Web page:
Cancer is one of the most frightening health challenges women face today. To fight this threat and improve outcomes for women, healthcare policymakers and leaders worldwide must better understand women’s real-world experiences, especially when it comes to screening and treatment. The Hologic Global Women’s Health Index targets women’s perspectives and provides robust, self-reported quality data that can drive improvement in healthcare for women.

According to the World Health Organization (WHO), cancer is the second leading cause of death globally, accounting for an estimated 10 million deaths in 2020.

This number continues to increase.1 For example, the Breast Cancer Research Foundation states, “Globally, breast cancer now represents one in four of all cancers in women. Since 2008, worldwide breast cancer incidence has increased by more than 20%. Mortality has increased by 14%."2

When it comes to cancer, the right test—at the right time—can make a significant difference in whether women will live or die.


The Importance of Screening for Cancer in Women

Because testing is the essential first step toward fighting cancer and other diseases, the Index asked women whether they had been tested in the past 12 months for four of the most life-threatening diseases for women globally: high blood pressure, cancer, diabetes, and sexually transmitted diseases and infections.

12% Tested in 2020

Worldwide, just 12% of women said in 2020 that they had been tested for any type of cancer in the last 12 months.

Although following WHO guidelines for early detection can facilitate treatment and make survival more likely, the Index reveals that the world could do much better in this vital aspect of women’s healthcare.

Worldwide, just 12% of women said in 2020 that they had been tested for any type of cancer in the past 12 months.

But numbers were in the single digits in roughly 40 countries and territories. Fewer than 1% of women in Pakistan, where breast cancer statistics are thought to be the highest in Asia,3 said they were tested. There is no organized screening program for breast cancer in Pakistan, which makes early detection nearly impossible. Women in South Korea were the most likely in the world to say they had undergone a cancer screening, with 37% saying they had in the past 12 months.

The data revealed by the Index quantifies the gap between the need for cancer screening, awareness of the need, and the availability of testing around the world. As this gap is closed, more women will be able to fully participate in life with their families, in society, and throughout their communities.

Cancer Testing

Globally, no country or territory has tested more than 37% of women for any type of cancer—and in a host of countries, the percentage is less than 10%.

Top Cancers Affecting Women

Breast cancer statistics show it is the world’s most prevalent form of cancer among women. Worldwide, in 2020, around 2.3 million women were diagnosed with breast cancer, and, sadly, about 685,000 died of the disease.4 These tragic numbers amount to almost 2,000 female deaths per day or about 80 women per hour. On the other hand, with an early diagnosis, treatment can be highly effective, achieving survival probabilities of 90% or higher.5

Lung and bronchial cancer, colon and rectal cancer, pancreatic cancer, and ovarian cancer are also among the deadliest for women.6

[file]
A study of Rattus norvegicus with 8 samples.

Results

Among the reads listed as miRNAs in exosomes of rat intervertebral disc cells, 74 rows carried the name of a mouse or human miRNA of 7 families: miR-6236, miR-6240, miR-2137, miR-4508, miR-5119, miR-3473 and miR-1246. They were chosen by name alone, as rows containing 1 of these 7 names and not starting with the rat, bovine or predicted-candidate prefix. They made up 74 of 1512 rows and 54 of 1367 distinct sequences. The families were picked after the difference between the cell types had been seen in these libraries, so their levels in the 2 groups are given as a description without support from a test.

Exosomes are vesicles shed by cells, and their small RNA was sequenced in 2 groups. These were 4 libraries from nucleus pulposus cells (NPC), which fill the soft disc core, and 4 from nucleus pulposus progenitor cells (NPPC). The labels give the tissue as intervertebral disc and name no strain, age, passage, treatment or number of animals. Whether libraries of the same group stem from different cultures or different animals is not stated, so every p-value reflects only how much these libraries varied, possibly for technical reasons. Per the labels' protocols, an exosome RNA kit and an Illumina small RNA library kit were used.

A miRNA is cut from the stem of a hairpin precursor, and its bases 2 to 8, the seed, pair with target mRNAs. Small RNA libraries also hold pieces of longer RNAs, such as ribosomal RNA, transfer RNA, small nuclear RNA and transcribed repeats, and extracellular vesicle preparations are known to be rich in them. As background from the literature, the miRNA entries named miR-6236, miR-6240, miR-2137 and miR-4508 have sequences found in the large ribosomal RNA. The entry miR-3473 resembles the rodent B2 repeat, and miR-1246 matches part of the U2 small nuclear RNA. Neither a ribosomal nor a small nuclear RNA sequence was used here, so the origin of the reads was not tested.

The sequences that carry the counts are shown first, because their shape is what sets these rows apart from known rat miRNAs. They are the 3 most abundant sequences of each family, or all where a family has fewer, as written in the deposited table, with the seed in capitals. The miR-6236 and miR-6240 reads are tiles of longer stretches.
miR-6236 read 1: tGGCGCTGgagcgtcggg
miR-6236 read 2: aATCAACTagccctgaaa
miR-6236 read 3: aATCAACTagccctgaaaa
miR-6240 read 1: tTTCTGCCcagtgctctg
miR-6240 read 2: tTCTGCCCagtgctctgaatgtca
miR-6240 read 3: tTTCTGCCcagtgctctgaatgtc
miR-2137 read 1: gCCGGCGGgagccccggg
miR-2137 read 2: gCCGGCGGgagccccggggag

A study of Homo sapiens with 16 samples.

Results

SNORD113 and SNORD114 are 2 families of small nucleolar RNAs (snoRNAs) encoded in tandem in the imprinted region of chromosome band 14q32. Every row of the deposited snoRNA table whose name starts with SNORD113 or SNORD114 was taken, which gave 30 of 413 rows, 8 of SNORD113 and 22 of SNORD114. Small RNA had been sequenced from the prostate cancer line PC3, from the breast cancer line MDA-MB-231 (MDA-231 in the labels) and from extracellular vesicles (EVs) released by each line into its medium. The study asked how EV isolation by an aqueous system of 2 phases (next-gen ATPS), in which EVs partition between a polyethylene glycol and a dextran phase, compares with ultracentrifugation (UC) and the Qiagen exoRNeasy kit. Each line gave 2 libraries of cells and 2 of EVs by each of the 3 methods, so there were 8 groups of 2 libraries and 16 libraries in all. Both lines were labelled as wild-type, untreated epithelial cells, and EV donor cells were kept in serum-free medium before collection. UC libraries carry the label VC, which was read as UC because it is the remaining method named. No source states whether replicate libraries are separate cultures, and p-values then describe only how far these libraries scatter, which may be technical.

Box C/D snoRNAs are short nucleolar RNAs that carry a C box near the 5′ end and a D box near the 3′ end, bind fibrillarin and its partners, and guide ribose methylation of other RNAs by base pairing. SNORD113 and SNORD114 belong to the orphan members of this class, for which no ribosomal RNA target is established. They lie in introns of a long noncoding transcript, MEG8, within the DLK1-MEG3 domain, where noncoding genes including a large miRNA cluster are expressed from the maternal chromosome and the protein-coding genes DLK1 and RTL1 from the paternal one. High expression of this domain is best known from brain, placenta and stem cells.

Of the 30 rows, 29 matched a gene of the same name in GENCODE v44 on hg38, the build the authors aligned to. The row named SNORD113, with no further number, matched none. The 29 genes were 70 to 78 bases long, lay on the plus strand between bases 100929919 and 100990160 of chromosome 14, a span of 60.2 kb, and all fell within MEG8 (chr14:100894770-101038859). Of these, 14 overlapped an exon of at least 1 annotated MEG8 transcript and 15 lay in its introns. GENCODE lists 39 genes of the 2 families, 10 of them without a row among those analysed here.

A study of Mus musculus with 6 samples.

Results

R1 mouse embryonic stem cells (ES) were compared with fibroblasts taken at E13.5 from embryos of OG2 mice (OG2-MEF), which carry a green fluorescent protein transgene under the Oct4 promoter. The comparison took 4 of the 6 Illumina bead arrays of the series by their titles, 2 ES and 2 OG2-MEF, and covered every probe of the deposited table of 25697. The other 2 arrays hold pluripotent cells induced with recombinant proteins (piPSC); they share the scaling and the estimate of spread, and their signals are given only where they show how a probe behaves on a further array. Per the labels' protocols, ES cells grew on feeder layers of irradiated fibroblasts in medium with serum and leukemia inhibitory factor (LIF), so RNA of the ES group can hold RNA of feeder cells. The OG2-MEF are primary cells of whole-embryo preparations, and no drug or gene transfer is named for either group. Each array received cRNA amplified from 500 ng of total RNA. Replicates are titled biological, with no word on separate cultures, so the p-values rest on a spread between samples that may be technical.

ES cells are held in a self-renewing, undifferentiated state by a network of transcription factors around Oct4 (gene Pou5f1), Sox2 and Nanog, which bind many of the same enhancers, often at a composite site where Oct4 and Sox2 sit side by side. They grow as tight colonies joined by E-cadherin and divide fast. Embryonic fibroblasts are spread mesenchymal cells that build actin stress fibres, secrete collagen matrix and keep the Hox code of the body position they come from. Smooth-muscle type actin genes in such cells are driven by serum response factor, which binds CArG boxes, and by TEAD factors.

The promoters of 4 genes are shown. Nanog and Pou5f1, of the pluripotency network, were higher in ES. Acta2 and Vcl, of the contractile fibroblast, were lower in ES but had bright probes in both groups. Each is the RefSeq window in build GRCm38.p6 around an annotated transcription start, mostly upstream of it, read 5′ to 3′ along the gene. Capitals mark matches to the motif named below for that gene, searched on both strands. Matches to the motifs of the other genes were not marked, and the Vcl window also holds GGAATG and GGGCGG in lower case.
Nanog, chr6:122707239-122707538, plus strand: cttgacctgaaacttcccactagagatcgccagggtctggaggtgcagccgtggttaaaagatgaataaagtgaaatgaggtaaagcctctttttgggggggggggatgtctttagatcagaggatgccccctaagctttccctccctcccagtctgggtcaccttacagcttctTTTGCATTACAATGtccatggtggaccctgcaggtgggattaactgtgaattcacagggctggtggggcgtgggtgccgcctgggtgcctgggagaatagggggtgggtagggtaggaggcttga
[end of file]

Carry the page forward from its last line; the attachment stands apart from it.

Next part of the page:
According to the American Lung Association, lung cancer diagnoses are on the rise, increasing to a startling prevalence of 87% among women over the past 40 years while decreasing by 35% among men over the same period.7 

Globally, colorectal cancer is the second most commonly diagnosed in women, according to the World Health Organization GLOBOCAN database. Unlike other cancers, the risk of colorectal cancer occurring can be mitigated by lifestyle changes, while early detection via colorectal cancer screening increases the odds of survival.8

Pancreatic cancer is the seventh leading cause of cancer-related deaths worldwide. However, unlike many other diseases, its toll is higher in more developed countries, and it is more common in men than in women. Lifestyle issues, such as smoking, contribute to the prevalence of this cancer, but genetic factors also play a role.9 According to the National Institutes of Health, “Screening of large groups is not considered useful to detect the disease at its early stage, although newer techniques and the screening of tightly targeted groups (especially of those with family history) are being evaluated.”10

Ovarian cancer is the eighth most common cancer in women. It is difficult to diagnose as symptoms often don’t arise until the cancer has spread.11 If early symptoms of ovarian cancer occur, the American Family Physician Journal recommends transvaginal ultrasound, serum cancer antigen 125 testing, and pelvic examinations.12


Guidance in Improving Cancer Screenings

Data from the WHO gives reason for hope when it comes to cancer. The organization reports that in countries where health systems are strong, survival rates of many types of cancers, such as breast cancer, are improving thanks to the accessibility of cancer screening, followed by quality treatment and survivorship care. In fact, some countries have even been able to increase the breast cancer survival rate by 2%–4% per year.13

By detailing the real-life experiences of women around the world, the Hologic Global Women’s Health Index can provide awareness to put families, communities, societies, and economies on a path to improving cancer screening, testing, and outcomes.


Women’s health is global health.

To learn more about the findings from the 2020 Hologic Global Women’s Health Index, please download the report.